EIT Digital is proud to announce the appointment of Frank Gielen as Head of the Professional School. This position has been created to support the ongoing development of EIT Digital's newest education programme, launched in 2015.
The EIT Digital Professional School brings digital innovations to the market and supports the digital transformation of companies and organisations by creating a learning ecosystem. Its initiative is powered by continuing education courses, specially designed to provide critical digital knowledge, insights and skills to European professionals and executives, leveraging the EIT Digital Action Lines and partners' research activities.
You have a long career in R&D in the telecommunication and software technology sector. How important has lifelong learning been for you?
From the moment that I left the university campus, I was confronted with the famous Socratic paradox: "I know one thing: that I know nothing". In every new job I always had to learn: many technical subjects but also how to negotiate with customers, how to do business in Saudi-Arabia and how to prepare a company for an IPO. Today, I am trying to understand the psychology of learning. This is a big step for a computer science engineer but one that is needed if your ambition is to lead the next generation of digital learning.
You have experience in working both in Europe and America. Do you see any key differences in professional education?
Many of my colleagues in the US were always looking for learning opportunities to improve their job performance or advance their career. They were very eager to learn from peers (including from each other's mistakes), read books and take classes during time off. In the US, individuals take the initiative to learn and tell their company when and where to send them to a workshop or a class. Back in Europe, I noticed that less people take charge of their own personal development. They often wait for the HR department to send them to a course and corporate training budgets are seldom fully spent. I guess it has to do with culture and competitive nature or with the false comfort perception of a lifelong job. However by now, we have experienced that also in Europe the lifelong jobs are long gone and that knowledge workers must continuously upgrade their skills to stay in competitive in a global knowledge economy. Today, those differences between the US and Europe are fading away and the Professional School will contribute to this by offering learning experiences that meet the needs of today's professionals and executives.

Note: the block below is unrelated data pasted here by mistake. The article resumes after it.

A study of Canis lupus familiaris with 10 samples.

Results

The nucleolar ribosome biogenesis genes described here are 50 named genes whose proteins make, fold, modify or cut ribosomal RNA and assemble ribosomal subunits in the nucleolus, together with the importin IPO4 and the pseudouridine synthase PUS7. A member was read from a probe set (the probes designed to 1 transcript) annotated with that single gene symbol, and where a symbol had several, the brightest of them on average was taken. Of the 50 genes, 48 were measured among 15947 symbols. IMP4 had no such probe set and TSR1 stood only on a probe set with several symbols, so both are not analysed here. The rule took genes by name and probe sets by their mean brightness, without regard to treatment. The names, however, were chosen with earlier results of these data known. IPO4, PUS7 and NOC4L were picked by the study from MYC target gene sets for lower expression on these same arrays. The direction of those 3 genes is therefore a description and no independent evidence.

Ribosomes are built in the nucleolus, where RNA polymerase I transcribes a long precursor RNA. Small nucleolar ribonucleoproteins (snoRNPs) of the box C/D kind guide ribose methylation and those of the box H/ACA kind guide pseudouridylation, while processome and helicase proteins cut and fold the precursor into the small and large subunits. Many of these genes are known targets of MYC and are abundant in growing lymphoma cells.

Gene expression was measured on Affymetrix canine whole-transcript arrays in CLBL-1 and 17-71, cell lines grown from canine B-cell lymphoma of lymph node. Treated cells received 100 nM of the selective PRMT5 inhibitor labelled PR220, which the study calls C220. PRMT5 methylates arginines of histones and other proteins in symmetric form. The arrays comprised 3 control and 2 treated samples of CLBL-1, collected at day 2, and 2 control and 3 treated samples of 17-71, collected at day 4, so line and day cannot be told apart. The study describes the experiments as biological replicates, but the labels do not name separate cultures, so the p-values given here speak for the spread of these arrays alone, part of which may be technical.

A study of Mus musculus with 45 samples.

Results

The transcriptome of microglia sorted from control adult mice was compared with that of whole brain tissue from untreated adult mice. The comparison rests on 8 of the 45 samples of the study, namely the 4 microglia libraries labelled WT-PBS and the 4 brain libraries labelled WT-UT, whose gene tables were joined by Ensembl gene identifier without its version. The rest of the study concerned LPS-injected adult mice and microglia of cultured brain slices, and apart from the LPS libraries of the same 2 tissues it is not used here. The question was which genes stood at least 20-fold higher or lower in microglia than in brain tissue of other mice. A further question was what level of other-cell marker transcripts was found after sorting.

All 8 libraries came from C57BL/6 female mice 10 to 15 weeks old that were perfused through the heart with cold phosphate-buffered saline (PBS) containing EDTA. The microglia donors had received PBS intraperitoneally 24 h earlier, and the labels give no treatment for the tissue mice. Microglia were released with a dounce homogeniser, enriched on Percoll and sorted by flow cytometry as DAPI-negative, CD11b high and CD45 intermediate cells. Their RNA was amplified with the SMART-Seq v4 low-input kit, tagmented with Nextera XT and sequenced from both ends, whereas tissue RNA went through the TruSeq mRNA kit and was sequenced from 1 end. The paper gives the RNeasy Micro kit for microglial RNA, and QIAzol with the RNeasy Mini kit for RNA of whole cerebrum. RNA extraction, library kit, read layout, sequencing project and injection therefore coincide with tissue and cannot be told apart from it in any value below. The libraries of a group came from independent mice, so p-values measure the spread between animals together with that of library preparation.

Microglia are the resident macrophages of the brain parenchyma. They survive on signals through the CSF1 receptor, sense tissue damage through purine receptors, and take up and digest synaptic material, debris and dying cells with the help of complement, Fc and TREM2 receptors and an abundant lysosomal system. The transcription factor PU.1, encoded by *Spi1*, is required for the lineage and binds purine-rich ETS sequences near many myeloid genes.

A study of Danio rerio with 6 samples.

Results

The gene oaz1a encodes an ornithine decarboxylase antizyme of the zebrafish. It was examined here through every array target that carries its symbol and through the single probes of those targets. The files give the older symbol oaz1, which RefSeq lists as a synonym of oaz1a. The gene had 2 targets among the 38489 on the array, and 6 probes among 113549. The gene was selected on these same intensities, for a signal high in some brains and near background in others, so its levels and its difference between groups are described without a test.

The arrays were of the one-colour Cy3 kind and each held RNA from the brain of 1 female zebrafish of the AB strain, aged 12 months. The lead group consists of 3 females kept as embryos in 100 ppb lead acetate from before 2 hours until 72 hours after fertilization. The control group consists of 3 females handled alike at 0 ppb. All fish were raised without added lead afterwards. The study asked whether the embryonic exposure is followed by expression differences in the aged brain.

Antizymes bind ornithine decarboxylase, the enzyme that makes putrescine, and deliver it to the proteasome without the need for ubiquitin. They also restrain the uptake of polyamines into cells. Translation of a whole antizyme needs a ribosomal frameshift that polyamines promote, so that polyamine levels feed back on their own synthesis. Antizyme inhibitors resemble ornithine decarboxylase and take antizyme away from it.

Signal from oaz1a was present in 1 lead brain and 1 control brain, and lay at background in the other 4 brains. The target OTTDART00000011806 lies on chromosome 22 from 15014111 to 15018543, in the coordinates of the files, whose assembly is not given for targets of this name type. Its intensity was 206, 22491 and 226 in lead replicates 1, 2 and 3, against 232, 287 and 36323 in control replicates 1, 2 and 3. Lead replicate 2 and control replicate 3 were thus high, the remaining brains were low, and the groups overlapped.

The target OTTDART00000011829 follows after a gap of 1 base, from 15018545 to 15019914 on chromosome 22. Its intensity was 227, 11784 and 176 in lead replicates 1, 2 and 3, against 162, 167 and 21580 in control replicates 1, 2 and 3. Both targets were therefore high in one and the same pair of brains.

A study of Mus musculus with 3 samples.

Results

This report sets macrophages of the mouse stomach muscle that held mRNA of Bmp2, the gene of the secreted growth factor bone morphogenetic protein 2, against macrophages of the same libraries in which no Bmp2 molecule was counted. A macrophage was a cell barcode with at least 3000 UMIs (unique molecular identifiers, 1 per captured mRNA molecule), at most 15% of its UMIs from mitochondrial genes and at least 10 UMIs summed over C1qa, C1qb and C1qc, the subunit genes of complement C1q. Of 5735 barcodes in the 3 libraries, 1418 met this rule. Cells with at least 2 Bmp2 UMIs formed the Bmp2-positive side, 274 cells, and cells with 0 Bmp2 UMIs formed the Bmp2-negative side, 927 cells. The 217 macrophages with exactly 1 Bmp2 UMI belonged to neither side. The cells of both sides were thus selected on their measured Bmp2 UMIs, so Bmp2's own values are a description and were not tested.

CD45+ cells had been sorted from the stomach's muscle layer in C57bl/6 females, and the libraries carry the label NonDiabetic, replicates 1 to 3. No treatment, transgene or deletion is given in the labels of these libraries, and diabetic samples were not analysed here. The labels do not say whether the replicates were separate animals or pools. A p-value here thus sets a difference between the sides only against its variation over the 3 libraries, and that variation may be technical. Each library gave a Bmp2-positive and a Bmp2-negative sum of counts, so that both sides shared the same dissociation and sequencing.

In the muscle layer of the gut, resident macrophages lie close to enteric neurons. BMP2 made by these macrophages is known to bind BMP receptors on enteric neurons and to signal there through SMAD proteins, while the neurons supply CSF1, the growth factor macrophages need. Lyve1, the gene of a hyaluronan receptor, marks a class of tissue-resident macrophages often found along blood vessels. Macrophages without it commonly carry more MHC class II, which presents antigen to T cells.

What are the key challenges and opportunities you are looking forward to focussing on?
One opportunity is the digital transformation of professional education itself. Today digital education only represents 3% of the total education market. There is an enormous potential for growth and EIT Digital has the digital technology and know-how that can put us in the driver seat for shaping the future of digital professional education.
Another opportunity comes from the fact that in a digital economy, technology can no longer be considered without a business context. Businesses expect T-shaped individuals: high tech experts that understand the business impact of their technical decisions. This is exactly where the professional school wants to position itself: you will not only learn about technology but also about what this means for your business and career. A typical example is our offering in data science where we have in depth technical courses related to data analysis and visualisation combined with a business module on how to shape a data driven business.
Our biggest challenge will be to scale at a European and international scale. This means that we need to create a best-in-class portfolio, we need execution capacity, credibility in industry and a strong brand. All the elements are available in EIT Digital. I guess my job is to make them work together to make it happen.
What attracted you to the EIT Digital Professional School?
The EIT Digital Professional School is an opportunity to go "double digital". Digital innovation is transforming businesses at an incredible pace and at the same time it is also changing the way we learn similar to how it changed the way we listen to music. The professional school plays a key role in this: it needs to innovate education so professionals and executives can acquire new digital skills and know-how when they need it, where they need it to be competitive in the digital economy. I am excited to join the EIT Digital team for this challenge as we have now the opportunity to lead the transformation of professional education in Europe while supporting people and business to enter the digital economy."